This semester I’m excited to be teaching in an American Studies program. My research interests and teaching practices resonate with interdisciplinary conceptions of American culture, especially at the intersection of music and writing.
Lately I have been reflecting on the fact that I began teaching in higher education at a time when there were already computers in nearly every classroom, and I am thankful for the privilege to continue using mulit-media texts in my courses. Already this semester, I have shown films in class, and required viewing and listening (alongside reading) as homework. For instance, I’m offering extra credit for attending the world premier of a long-lost Mary Pickford film from 1911, Their First Misunderstanding. The film was discovered at Keene State College and restored by the Library of Congress.
But for as often as I have brought music into my classrooms over the years, I have struggled with effectively incorporating listening into writing assignments. I have often used the vast archive of Youtube clips and my own music library to set up a discussion, to provide reference points during lectures, or to highlight a particular strain of expressive tradition. But overall coverage is limited by time.
It’s also difficult to anticipate students’ tastes. In my experience, asking every student to respond to the same song produces mixed results. And one selection–even an important one–can hardly bear the burden of representing a broader genre, movement, or style. Some songs are just too overdetermined. Asking students to find relevant musical texts on their own is similarly fraught; there must be some cohesion for a collaborative analysis of a musical tradition to be effective.
Ideally, interdisciplinary courses that emphasize music enable students to draw on a wide variety of relevant sounds in order to survey and highlighting trends, patterns, motifs, and genealogies. This sort of evidence helps students percieve how music makes meaning through context. To enact this “literary” approach to the blues, I decided to experiment with the pedagogical uses of Spotify, a free, on-demand, streaming music service. With Spotify, students have instant access to somewhere near 20 million songs.
So far this semester, I have developed a series of playlists that correspond to our readings and discussion topics. Playlists have included traditional West African drumming, chants, and seremonial music; New World African music from Guyana, Brazil, Haiti, Cuba, Jamaica, the US, and elsewhere; and early field recordings made for ethnographic and documentary purposes, especially those by John and Alan Lomax and by Moses Asch. In fact, the entire Smithsonian Folkways catalog is available through Spotify, and the Folkways website hosts all the original liner notes in .pdf form for free. This alone is a profound archive, one that proves relevant to wildly diverse intellectual projects.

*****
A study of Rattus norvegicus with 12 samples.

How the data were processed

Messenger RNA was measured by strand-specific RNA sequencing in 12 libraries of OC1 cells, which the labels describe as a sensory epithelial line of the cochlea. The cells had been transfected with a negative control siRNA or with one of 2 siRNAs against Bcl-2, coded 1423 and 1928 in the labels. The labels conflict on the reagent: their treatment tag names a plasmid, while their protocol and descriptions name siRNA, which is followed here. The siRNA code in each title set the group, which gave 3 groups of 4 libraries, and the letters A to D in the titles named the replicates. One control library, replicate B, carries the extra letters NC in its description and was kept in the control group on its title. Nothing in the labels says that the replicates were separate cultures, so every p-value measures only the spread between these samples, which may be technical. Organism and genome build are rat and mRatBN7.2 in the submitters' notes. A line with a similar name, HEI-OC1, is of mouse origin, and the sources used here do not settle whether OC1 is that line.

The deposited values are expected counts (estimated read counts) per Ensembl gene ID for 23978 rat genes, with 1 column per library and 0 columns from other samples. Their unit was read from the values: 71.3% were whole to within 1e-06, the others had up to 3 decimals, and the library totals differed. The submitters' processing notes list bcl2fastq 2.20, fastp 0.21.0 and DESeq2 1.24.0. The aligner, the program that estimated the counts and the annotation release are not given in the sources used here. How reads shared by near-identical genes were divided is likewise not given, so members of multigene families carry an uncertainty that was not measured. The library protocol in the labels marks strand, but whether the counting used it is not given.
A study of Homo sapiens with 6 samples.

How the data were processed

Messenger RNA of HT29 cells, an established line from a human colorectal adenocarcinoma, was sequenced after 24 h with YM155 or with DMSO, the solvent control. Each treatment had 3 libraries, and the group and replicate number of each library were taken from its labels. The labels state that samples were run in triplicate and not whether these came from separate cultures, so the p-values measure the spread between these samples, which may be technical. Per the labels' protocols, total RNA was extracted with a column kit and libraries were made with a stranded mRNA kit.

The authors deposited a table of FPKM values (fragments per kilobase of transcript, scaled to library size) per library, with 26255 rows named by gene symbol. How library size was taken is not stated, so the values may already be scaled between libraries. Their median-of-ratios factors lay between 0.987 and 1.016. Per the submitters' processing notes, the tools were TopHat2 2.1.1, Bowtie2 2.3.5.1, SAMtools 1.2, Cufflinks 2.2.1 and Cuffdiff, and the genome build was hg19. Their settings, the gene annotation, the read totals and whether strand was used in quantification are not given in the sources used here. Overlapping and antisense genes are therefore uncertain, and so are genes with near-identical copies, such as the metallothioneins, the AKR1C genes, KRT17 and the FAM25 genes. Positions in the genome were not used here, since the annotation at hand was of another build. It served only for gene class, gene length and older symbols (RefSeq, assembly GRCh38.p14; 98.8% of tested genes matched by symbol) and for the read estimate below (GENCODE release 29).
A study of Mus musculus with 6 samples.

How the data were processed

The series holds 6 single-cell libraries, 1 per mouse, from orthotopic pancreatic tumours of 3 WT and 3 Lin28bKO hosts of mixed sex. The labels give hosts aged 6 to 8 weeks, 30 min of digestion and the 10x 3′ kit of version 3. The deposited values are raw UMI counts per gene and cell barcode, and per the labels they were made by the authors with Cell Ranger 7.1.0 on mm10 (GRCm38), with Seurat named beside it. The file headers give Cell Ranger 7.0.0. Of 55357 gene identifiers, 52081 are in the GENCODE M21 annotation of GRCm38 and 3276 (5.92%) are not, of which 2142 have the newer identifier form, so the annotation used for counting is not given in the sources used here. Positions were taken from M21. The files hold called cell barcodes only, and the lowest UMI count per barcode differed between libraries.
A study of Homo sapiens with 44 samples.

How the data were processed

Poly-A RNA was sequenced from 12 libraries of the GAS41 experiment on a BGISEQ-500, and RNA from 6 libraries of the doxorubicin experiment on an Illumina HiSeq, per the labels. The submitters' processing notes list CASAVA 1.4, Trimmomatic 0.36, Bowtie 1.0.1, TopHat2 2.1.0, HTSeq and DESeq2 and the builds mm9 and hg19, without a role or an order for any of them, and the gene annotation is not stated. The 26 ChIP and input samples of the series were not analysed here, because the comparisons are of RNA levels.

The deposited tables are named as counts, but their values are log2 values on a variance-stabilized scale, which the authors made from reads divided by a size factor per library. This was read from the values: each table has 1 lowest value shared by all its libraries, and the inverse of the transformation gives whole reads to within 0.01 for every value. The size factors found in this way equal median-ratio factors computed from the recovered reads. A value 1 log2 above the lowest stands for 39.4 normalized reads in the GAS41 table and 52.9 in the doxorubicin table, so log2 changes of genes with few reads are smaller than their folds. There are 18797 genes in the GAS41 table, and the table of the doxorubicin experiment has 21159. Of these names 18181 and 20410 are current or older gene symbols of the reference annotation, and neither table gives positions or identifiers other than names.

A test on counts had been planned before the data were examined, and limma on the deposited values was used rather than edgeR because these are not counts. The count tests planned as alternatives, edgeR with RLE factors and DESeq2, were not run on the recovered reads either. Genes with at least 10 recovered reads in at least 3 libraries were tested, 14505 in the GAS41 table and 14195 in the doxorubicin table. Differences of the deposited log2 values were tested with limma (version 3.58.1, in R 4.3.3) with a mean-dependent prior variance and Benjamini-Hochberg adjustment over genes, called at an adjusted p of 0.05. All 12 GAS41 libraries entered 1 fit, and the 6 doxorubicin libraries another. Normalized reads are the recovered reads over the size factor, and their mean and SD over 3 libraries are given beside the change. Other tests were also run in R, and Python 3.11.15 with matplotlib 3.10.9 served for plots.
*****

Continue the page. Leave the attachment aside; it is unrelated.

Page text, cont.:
This week, as we study Albert Murray’s novel, Train Whistle Guitar, and his critical work, The Hero and the Blues, students will also listen to different versions and revisions of folk ballads from the blues tradition: the Signifying Monkey, John Henry, Stagolee, and Frankie and Johnny. These are contextualized by vernacular music and folktales from Alabama and collections of ballads and railroad songs.
Free Spotify accounts are supported by in-content advertising, which is obtrusive, but ultimately a meager price to pay for unequalled access to so many music and poetry recordings. When I asked the students to write about their experience with the program, I specifically mentioned the ads. Their grumbling was mild. Most agreed that it was less bothersome than with Pandora, a similar personalized online radio station.
Ideally, there also might be a way to annotate playlists or even songs themselves with background information and perhaps links that might contextualize the music. Soundcloud has an innovative way for users to tag specific moments of a track with text and multimedia. Such a tool might increase students’ engagement by introducing a social dimension to the listening experience. As we move into later units, I plan to ask students to make and share their own playlists with the class in order to develop a more interactive musical conversation.
But with so much music on offer, there is definitely a danger in overwhelming students. I may be guilty of that. Yet, in defense of offering a wide range of sounds, I anticipate that students will find a greater sense of agency in their encounters with these forms of expression. Every good DJ is attuned to audience dynamics. Imposing one’s own taste too narrowly alienates people. The playlists are a springboard for musical exploration; the inclusion of compilation albums on each playlist, for example, ensures a diversity of voices, whose further work becomes accessible simply by clicking on the artist’s name.
The other crucial point of Spotify for use in the classroom is that playlists are easy to access and share. I can post an active link to the playlist on our course management site (or embed it on a webpage). Once students have an account, the playlist either opens inside the browser or initiates software mounted on the desktop. This means students can listen on campus computers without downloading the program, helping them access the music anywhere, anytime.
I’ll be using the program a lot more in semesters to come. As I gain fluency with its more sophisticated features, I hope to offer more specific ideas about teaching with this online tool. Of course, I’m all ears if anyone out there has thoughts or experiences to share about the pedagogical uses of Spotify. After all, music and teaching are both collaborative experiences.